Commentary: Reaching out to a new generation of young Latina leaders

  |  Source: Faith & Leadership

Kirby Minnick, a communications major at Dallas Baptist University and social media influencer, was keynote speaker at the two-day SHINE conference at Crossroads Baptist Church in San Antonio, sponsored by Union Femenil Misionera de Texas. (Photo / Isa Torres)


Brenda Rincones noticed that young women didn’t seem to be showing up for centennial celebrations in honor of the Woman’s Missionary Union of the Hispanic Baptist Convention of Texas.

When she remarked on this to her director, the response was, “You know what? Let’s do something very intentional next year to reach out to them. I want you to do it.”

With this mandate, Rincones founded the SHINE Girls Conference, a two-day, statewide gathering of 450 Latina girls and women in San Antonio, Texas.

The conference—its name is not an acronym but refers to Matthew 5:16—aims to educate, empower and inspire young Christian women across Texas (you don’t have to be Baptist or Latina to attend).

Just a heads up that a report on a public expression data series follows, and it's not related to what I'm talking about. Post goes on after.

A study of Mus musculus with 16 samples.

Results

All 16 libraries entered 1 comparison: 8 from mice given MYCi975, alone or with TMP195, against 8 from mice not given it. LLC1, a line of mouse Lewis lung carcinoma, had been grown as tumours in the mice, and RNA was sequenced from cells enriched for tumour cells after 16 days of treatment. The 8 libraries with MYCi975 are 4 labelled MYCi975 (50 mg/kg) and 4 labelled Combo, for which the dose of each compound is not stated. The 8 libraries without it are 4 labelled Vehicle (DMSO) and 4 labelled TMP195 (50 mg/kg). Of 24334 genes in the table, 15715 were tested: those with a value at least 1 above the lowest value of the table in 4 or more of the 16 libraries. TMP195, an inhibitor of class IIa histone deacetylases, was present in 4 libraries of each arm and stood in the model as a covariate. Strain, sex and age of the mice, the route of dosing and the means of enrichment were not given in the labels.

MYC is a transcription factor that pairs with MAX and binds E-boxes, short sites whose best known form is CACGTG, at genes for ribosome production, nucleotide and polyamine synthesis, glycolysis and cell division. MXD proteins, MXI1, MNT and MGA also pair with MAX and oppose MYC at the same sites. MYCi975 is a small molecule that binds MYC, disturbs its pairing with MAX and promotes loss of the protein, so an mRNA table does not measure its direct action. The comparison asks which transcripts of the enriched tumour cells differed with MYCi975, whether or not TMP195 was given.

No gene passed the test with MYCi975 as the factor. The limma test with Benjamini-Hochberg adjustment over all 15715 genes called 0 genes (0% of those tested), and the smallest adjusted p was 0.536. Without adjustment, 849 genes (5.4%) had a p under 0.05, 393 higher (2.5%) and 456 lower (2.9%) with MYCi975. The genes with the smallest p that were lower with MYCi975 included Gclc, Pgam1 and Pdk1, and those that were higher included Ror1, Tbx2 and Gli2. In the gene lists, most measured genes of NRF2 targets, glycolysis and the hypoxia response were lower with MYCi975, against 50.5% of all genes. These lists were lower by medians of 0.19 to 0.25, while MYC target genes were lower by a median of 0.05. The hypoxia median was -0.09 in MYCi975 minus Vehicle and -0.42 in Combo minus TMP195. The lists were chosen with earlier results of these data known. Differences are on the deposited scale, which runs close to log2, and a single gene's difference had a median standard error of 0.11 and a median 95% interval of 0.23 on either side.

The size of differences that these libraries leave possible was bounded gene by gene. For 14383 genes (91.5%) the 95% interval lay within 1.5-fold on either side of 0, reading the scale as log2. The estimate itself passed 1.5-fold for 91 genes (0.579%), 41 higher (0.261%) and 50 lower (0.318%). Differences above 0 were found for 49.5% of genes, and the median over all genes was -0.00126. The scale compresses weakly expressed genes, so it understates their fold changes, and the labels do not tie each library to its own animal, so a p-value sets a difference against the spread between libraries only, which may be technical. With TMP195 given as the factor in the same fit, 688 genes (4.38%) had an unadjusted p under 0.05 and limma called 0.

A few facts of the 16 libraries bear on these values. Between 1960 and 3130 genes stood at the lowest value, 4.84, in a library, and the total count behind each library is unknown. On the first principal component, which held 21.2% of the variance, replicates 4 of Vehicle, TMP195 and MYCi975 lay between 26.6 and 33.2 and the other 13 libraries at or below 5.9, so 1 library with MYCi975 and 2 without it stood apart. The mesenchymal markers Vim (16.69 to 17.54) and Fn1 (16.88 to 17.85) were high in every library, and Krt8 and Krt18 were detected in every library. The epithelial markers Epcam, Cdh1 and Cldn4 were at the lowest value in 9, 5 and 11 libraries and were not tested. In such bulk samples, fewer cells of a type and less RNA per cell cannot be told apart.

The speakers and workshops are led by young women, and the topics are determined by asking young women what they want to talk about. Some are quite serious: suicide, bullying, teen pregnancy and drugs.

Since the second annual conference in February, some participants have been setting up local Bible study groups to continue the work of the SHINE conference.

“We have to reach out to this generation, because they are so, so amazing. It’s just such a beautiful, talented and gutsy group of people, and they define us, especially here in Texas,” Rincones said.

Rincones spoke with Faith & Leadership about the SHINE conference and her hopes for the future of the project. The following is an edited transcript.

Q: What was the motivation for organizing this conference?

Keep reading this article at Faith & Leadership.